London 2016 Mayoral Elections
The 2016 London Mayoral Elections offered a fascinating insight into the priorities and views of various members of the largest parties in the UK political system.
What are the issues for women in London?
Gender equality is a London issue. Many of the pressures on London and its economy are falling especially hard upon women.
There are over four million women and girls in London At the last Mayoral Election women in London were more likely to make their minds up at the last minute, with 13% of women compared to 8% of men still unsure who to vote for in the final week before the election.Women are also less likely to be strong partisans in national elections, and because men and women have equal levels of turnout, women are therefore more likely to be floating voters and had the potential to be the decisive swing vote in the London Mayoral election 2016.
So what are the issues facing women in London in 2016?
Women in work: The gender pay gap in London is 20.5%, compared to the national figure of 13.9% (the mean for full-time workers).
Families and care: The average cost of a childcare place for 25 hours per week in London is £150.60, 35.9% above the rest of Britain.
Power – Representation and Participation: Out of the 25 Members of the Greater London Authority, only 8 are women (32%).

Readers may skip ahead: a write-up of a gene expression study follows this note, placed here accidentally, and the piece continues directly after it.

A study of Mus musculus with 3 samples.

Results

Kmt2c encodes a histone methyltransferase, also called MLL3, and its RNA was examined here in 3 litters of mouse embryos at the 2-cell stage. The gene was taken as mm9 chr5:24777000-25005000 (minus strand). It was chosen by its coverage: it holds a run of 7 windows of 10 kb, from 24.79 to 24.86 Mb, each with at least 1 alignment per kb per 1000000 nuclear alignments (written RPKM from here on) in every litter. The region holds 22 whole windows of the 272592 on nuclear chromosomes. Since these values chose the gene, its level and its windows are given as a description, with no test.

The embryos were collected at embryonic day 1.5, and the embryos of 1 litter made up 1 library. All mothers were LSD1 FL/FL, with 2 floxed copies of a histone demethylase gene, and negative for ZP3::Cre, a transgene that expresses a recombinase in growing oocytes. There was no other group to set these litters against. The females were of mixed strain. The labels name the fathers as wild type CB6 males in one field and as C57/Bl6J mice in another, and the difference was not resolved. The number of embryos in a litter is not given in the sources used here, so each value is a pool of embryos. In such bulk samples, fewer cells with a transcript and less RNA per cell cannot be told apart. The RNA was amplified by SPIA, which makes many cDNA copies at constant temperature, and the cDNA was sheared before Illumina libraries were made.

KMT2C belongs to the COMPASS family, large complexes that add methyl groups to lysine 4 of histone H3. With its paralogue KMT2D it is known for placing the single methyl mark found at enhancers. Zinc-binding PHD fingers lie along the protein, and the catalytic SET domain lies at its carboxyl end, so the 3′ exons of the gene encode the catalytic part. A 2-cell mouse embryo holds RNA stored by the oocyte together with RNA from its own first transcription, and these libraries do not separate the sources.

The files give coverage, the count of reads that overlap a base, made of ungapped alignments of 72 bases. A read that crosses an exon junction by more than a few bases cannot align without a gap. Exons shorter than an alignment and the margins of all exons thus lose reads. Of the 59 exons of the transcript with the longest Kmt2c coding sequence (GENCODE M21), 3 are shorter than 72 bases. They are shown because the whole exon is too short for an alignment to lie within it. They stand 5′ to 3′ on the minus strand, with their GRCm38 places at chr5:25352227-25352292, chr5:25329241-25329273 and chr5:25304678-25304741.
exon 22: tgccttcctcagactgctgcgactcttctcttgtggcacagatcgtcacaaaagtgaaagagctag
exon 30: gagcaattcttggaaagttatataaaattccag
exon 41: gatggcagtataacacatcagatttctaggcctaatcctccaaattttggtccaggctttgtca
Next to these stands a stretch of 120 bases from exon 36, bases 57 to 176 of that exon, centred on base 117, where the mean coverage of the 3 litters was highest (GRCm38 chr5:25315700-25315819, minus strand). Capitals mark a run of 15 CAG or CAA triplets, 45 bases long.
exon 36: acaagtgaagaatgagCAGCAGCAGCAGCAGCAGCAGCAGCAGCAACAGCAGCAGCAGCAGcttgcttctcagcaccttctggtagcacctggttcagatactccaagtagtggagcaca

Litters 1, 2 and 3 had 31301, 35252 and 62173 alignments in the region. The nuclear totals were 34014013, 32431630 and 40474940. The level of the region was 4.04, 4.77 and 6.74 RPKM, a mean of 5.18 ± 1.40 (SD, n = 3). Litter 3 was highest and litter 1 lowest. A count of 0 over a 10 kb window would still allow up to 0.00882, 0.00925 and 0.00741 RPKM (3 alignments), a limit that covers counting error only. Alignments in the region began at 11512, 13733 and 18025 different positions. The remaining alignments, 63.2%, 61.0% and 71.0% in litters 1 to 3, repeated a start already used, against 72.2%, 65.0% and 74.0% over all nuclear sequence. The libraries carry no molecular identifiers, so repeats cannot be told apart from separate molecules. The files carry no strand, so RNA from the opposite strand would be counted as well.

Safety, Security and Transport: Transport for London (TfL) services are one of the most common environments that sexual assault is committed in. 31% of women aged 18 to 24 have experienced unwanted sexual attention while on public transport as have 24% of women aged 25 to 34.
These are just scratching the surface of issues for women in London – read our full London briefing here.
Calls to Action
We called upon the candidates to outline how they would address women’s inequality in the following areas:
- Gender Pay Gap – How would the Mayor bring the gender pay gap down from being the highest in Britain?
- Childcare – What would the candidates do to improve the affordability and quality of childcare both across London and in the most underprovisioned areas?
- Women’s Representation – What could be done to advance women from all backgrounds in public life in London?
- Affordable Housing – How would London’s housing crisis be addressed, and the interests of women in social housing protected, especially single mothers.
- Transport and Safety – What would each candidate promise to tackle violence against women and girls in London and to make public transport safer for women
Sian Berry, Green Party. Read Sian Berry’s response to our briefing.
Zac Goldsmith, Conservative Party. Zac Goldsmith did not respond to our briefing.
Sadiq Khan, Labour. Read Sadiq Khan’s response to our briefing.
Caroline Pidgeon, Liberal Democrats. Read Caroline Pidgeon’s response to our briefing.
Sophie Walker, Women’s Equality Party. Read Sophie Walker’s response to our briefing.
Following the election results, we welcome Sadiq Khan’s commitments to gender equality, and found his response to our briefing very encouraging. His promises to be a feminist in City Hall, and encourage girls to study STEM subjects are important. As well as his commitment to establishing a London Childcare Commission to take a look at the standard of childcare across the city.